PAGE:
Help for parents of a gentle young boy who struggles at school
My six-year-old nephew is so intelligent, wise and sensitive, yet struggles at school and needs to be pushed to studying. Is it all too much for him? What is it with his daydreaming? What is his purpose and how can I best help him and his parents?
Oh my goodness, yes, a very highly intelligent, gentle, sweet soul this being is. What to do for this one is to always to give great support and strength and try not to give too many things that cause worry for this one. For even though you might think he is not absorbing or hearing all things, he does so very much. What’s called daydreaming often is this one just trying to stay grounded in this world. He finds it very, very confusing from time to time and thus gives himself a little retreat by taking off to a place of calm and quiet.
These beautiful parents are very high-strung and very nervous and want this one to shine so radiantly and thus they put a great deal of pressure upon this little one. He is a kind and gentle one who will do a great deal—but you must give him his own ability to do it. It’s not about following rules or fitting into the mould that others expect of him. It is about being who he needs to be.
He is an extremely artistic child and needs to find ways of expression, but he is very much a perfectionist. Because of his parents, I must say; they are kind of wanting him to do everything right the first time. So he is a little bit limited in putting out something that they might think is not perfect. He is so very little in body, but big in spirit. He wants very much to cause them to not have any stress or strain.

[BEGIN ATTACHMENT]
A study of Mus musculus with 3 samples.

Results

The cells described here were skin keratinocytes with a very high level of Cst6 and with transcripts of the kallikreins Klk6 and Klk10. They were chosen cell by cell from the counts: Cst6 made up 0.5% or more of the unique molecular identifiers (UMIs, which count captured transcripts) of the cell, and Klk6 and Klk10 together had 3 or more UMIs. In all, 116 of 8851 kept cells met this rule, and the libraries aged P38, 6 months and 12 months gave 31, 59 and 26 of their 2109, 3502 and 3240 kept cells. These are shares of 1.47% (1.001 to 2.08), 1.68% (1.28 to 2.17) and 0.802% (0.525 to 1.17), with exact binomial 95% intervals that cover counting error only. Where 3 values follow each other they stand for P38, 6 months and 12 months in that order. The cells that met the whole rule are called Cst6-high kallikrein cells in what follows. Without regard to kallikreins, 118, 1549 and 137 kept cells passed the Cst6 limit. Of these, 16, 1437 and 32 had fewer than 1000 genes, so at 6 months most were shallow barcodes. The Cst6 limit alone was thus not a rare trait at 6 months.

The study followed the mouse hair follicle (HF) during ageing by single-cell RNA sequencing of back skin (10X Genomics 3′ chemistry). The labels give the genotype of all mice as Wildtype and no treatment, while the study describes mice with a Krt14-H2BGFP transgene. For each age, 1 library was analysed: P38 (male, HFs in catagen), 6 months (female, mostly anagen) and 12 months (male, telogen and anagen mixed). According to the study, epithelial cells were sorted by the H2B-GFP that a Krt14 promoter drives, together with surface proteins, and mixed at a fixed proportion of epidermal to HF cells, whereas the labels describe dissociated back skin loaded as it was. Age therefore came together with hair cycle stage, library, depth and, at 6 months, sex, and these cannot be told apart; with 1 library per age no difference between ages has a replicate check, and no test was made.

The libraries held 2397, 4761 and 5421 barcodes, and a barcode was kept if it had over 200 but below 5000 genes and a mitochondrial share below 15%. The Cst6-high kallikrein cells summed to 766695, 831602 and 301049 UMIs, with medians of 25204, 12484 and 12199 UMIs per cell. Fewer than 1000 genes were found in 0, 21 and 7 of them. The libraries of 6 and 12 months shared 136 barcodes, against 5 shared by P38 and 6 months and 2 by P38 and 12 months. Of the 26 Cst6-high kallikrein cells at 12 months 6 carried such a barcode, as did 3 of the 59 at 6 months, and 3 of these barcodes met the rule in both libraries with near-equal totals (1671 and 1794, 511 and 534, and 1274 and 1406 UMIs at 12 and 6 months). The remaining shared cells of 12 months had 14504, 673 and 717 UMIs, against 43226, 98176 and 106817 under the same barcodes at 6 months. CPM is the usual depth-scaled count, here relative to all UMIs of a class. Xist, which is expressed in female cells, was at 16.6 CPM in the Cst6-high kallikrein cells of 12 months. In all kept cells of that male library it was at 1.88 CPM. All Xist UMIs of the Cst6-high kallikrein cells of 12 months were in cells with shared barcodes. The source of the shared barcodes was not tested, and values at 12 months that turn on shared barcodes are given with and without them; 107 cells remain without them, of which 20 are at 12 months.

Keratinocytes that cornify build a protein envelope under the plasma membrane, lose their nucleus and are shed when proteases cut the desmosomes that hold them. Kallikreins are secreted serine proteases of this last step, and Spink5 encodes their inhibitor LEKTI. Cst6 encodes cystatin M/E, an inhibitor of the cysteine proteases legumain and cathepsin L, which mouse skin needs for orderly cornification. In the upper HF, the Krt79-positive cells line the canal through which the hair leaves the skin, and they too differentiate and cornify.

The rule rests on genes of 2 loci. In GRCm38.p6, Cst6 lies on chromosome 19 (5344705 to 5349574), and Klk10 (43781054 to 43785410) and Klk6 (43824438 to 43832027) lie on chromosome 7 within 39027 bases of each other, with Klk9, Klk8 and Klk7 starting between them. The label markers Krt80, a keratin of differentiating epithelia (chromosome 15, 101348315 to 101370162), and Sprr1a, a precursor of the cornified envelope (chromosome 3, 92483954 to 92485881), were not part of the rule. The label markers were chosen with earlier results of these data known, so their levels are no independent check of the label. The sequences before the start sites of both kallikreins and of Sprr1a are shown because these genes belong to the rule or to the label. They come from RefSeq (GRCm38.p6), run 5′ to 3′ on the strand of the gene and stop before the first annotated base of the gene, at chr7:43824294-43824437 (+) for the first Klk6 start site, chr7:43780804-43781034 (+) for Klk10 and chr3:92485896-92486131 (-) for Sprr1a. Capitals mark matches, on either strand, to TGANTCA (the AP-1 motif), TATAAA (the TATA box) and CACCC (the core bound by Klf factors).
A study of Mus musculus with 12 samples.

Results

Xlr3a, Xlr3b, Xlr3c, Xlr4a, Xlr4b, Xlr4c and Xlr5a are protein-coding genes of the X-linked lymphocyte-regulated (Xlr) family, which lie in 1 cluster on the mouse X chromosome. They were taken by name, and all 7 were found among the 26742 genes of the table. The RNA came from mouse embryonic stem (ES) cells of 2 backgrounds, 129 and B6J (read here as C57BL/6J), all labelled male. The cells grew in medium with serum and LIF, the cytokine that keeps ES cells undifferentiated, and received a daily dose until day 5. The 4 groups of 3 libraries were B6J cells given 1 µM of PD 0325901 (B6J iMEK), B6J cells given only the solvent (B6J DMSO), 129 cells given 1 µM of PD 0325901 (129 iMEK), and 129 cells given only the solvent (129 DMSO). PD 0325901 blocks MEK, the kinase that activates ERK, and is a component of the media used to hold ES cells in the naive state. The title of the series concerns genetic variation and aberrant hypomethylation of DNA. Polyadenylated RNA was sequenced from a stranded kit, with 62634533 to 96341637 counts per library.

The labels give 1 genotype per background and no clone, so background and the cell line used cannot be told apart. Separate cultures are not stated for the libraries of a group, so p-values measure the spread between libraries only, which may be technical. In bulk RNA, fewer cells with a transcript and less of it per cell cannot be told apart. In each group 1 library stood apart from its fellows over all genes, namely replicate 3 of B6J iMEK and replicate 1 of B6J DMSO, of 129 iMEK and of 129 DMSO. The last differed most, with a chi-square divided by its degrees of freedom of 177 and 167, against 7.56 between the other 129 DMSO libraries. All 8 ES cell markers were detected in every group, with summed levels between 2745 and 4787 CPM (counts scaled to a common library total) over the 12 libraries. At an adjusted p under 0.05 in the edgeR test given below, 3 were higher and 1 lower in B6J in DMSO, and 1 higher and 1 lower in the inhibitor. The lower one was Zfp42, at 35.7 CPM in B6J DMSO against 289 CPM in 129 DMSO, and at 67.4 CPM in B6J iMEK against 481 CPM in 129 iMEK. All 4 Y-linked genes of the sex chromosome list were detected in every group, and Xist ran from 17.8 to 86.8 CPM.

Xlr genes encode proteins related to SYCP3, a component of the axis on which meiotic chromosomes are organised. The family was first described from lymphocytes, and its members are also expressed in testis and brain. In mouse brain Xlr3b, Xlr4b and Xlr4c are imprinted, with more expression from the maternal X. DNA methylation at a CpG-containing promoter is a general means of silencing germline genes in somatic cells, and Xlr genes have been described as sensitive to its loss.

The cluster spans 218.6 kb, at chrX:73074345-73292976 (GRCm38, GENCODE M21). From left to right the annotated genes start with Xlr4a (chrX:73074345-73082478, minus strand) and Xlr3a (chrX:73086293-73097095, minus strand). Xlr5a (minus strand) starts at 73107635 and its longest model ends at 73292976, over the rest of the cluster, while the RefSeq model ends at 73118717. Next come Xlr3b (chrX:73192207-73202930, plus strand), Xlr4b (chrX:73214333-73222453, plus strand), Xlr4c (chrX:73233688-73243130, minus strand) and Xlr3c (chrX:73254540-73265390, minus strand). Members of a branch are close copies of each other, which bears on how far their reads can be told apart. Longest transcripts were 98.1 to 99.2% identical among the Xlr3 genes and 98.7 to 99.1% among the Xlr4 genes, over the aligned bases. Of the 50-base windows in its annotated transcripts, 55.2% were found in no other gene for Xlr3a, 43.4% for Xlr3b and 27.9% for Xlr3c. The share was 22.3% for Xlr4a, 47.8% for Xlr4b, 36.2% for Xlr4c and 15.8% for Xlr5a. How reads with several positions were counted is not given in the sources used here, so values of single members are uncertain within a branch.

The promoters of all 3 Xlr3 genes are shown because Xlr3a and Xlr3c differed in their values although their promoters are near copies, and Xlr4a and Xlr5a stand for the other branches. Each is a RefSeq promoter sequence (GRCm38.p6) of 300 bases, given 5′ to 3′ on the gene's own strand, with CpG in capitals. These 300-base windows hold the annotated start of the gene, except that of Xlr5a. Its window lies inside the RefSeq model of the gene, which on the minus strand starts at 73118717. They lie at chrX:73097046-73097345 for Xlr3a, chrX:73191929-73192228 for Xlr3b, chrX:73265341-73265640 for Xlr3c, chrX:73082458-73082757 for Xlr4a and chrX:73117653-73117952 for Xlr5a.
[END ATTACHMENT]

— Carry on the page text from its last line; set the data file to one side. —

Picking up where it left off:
He struggles at school and needs to be pushed to study.
Isn’t that ridiculous, pushed to study at six years of age. Oh for heaven’s sake. Oh don’t worry about that. It’s not really causing him a great deal of stress. They can do all they need to do with pushing; he’ll do what he needs to do as well.
Make sure there’s lots of communication, lots of talking. This little one is very fearful of speaking what is needed inside, and often doesn’t feel he has the right words to say it. Give him lots of opportunity to say how he’s feeling, even if you create books or a story with a happy face and a sad face, just little things–nothing with a great deal of pressure. Don’t sit him down and put the light on him and start questioning him. Just let it all be fun. And often times, especially with the male creature, it’s better if you don’t face them but sit beside him. Side to side so that way you can just have a conversation, and he’ll find it much easier to talk about things.